Thursday, April 12, 2012

The Separation of Power in Scrum

There is one element in Scrum which I really appreciate. It is the separation of power in Scrum. 
What exactly do I mean with this? Democracies are based on the separation of powers they require.
  • Legislative
  • Executive
  • Judicative
Each one has their rights and responsibilities. The other two watch out and make sure, that third doesn’t abuse it’s power.
In totalitarian governments this is not given. One entity reigns over all three. The usual result is that a few benefit and many suffer - from individuals to whole economies.

What does this have to do with Scrum. Well, nothing - at least at a first glance. But if we apply this concept to classical management, the project manager has the possibility to act as a dictator. 

He or she can decide about all three elements: scope, schedule, people.

The image above is the incomplete ‘iron triangle of quality’. It tells us, you can choose two out of the three, the third has to give. For example, if we have a certain amount of scope to implement by a given date, we need to adjust the number of people working on it.
If all three are set then the quality of the product under development will be sacrified when things get tough. Quality is the forth hidden element. Often the manager tries to convince us about the attainability of the goal with sentences like ‘I know it is aggressive but …. ‘, ‘You are not a team player ….’ and more. 

Quality dies first on every software project. It is not transparent per se, it won’t show until very late in the project or even until the product has been released. This manifests in very high TCO (total cost ownership). Eventually the developers require to rewrite the piece of sh.. garbage software. (see my blog Resetting the Shitty Counter)

How is this handled with Scrum? In Scrum the Definition of Done (DoD) states certain attributes or activities which have to be present in order to guarantee a high quality, potentially releasable product. The compliance of the DoD is paramount to a high quality product with happy customers and low TOC. Now Scrum is not immune to crunch times, times when the Product Owner (PO) is tempted to push the Development Team a little further. In those situations it would be just to easy to abandon the DoD and reduce quality to keep the date and make the Product Owner happy.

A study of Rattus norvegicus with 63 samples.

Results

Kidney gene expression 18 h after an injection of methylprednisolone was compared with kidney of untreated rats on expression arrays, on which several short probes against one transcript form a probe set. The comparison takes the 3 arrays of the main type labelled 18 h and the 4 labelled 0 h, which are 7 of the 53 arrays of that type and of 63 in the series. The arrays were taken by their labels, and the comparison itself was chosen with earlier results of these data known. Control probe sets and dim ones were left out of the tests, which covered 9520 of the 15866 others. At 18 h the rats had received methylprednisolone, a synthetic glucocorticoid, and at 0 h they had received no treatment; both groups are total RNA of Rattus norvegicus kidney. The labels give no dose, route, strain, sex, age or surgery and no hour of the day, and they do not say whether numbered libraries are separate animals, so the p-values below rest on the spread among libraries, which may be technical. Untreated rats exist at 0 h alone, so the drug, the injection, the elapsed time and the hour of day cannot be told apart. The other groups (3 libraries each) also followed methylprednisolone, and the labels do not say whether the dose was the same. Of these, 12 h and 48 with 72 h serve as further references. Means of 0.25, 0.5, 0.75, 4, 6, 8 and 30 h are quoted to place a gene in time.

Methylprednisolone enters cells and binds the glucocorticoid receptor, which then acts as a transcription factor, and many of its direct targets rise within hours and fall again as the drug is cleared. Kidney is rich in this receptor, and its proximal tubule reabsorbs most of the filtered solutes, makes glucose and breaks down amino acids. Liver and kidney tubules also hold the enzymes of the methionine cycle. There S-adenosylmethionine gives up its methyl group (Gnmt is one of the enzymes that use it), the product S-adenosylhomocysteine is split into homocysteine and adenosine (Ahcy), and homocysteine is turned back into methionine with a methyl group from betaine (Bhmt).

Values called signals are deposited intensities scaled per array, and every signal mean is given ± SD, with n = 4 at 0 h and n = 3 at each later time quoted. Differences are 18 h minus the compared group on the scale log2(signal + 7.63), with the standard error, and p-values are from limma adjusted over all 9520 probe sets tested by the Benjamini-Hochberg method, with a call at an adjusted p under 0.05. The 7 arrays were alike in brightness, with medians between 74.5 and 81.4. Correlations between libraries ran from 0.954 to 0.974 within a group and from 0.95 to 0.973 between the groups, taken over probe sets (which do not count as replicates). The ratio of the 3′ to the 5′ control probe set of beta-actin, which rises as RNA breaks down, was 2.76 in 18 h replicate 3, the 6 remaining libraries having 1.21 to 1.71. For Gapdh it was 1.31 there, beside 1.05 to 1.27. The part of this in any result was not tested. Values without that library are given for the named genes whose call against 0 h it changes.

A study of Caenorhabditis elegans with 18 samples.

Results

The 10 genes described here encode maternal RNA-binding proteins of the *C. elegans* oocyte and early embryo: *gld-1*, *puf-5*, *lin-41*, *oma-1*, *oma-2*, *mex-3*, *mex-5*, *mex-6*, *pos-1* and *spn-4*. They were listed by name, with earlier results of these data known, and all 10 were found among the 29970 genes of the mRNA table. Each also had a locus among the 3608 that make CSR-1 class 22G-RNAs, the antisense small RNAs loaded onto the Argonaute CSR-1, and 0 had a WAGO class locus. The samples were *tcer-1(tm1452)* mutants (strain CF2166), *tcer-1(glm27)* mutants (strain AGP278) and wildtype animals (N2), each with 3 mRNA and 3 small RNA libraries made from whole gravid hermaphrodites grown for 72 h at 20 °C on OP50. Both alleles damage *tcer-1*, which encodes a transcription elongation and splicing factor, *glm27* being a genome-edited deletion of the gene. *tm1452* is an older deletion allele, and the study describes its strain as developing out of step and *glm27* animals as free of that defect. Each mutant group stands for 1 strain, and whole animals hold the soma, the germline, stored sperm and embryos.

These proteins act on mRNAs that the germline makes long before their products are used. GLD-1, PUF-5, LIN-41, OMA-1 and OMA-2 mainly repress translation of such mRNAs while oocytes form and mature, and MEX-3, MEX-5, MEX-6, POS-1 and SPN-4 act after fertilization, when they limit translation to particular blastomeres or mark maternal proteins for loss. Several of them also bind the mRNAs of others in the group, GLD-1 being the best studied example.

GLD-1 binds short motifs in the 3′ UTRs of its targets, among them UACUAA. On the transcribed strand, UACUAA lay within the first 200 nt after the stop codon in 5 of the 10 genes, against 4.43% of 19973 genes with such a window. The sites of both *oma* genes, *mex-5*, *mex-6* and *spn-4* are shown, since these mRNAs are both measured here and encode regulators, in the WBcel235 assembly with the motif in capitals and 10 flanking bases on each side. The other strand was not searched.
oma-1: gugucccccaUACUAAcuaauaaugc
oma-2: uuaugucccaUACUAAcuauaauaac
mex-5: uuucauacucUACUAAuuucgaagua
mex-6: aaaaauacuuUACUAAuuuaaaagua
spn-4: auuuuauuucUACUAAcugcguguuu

This is when the Scrum Master comes in. She will make sure that the DoD stays enforced and keeps the PO at bay. Essentially she protects the people (Development Team) so that they can work in the agreed way and thereby create a high quality product. 

In Scrum the Product Owner has the right to decide which feature gets developed in which order. His tool for that is the Product Backlog.

and the Scrum Master ensures that the Delelopment Team has the right to estimate the work according to the Definition of Done and to implement it according to the Definition of Done.

The separation of power protects the Development Team and allows it to deliver high quality product increments throughout the project. This sustainable approach guarantees high quality software with high ROI, low TCO -- easy to maintain, easy to support, easy to enhance -- for a long time. Best, you should see happy, engaged developers.

In the end everybody wins!


Daniel Tobler said...

Good description about the separation of power. I think there is a third power in the game: the company. for me it is a square:
1.) Scope, Features --> PO
2.) Quality --> Dev Team and SM. I think that the Dev Team is responsible for the quality first.
3.) People --> The teams are usually selected by the company. The SM can only protect the people he has, but he has often not much power when the company reduces team size.
4.) Dates --> The due dates are also given by the company often. Or even more often by external events like law changes, marketing pressure, etc.

Nick Xidis said...

Great job explaining an important concept under girding scrum. The separation you outline is exactly what forces org's to deal with the reality of the situation, instead of fooling themselves until the "end of project crisis" when reality and plans finally reconciled.

Uta K. said...

I like the triangle: everything has its price. Quality first.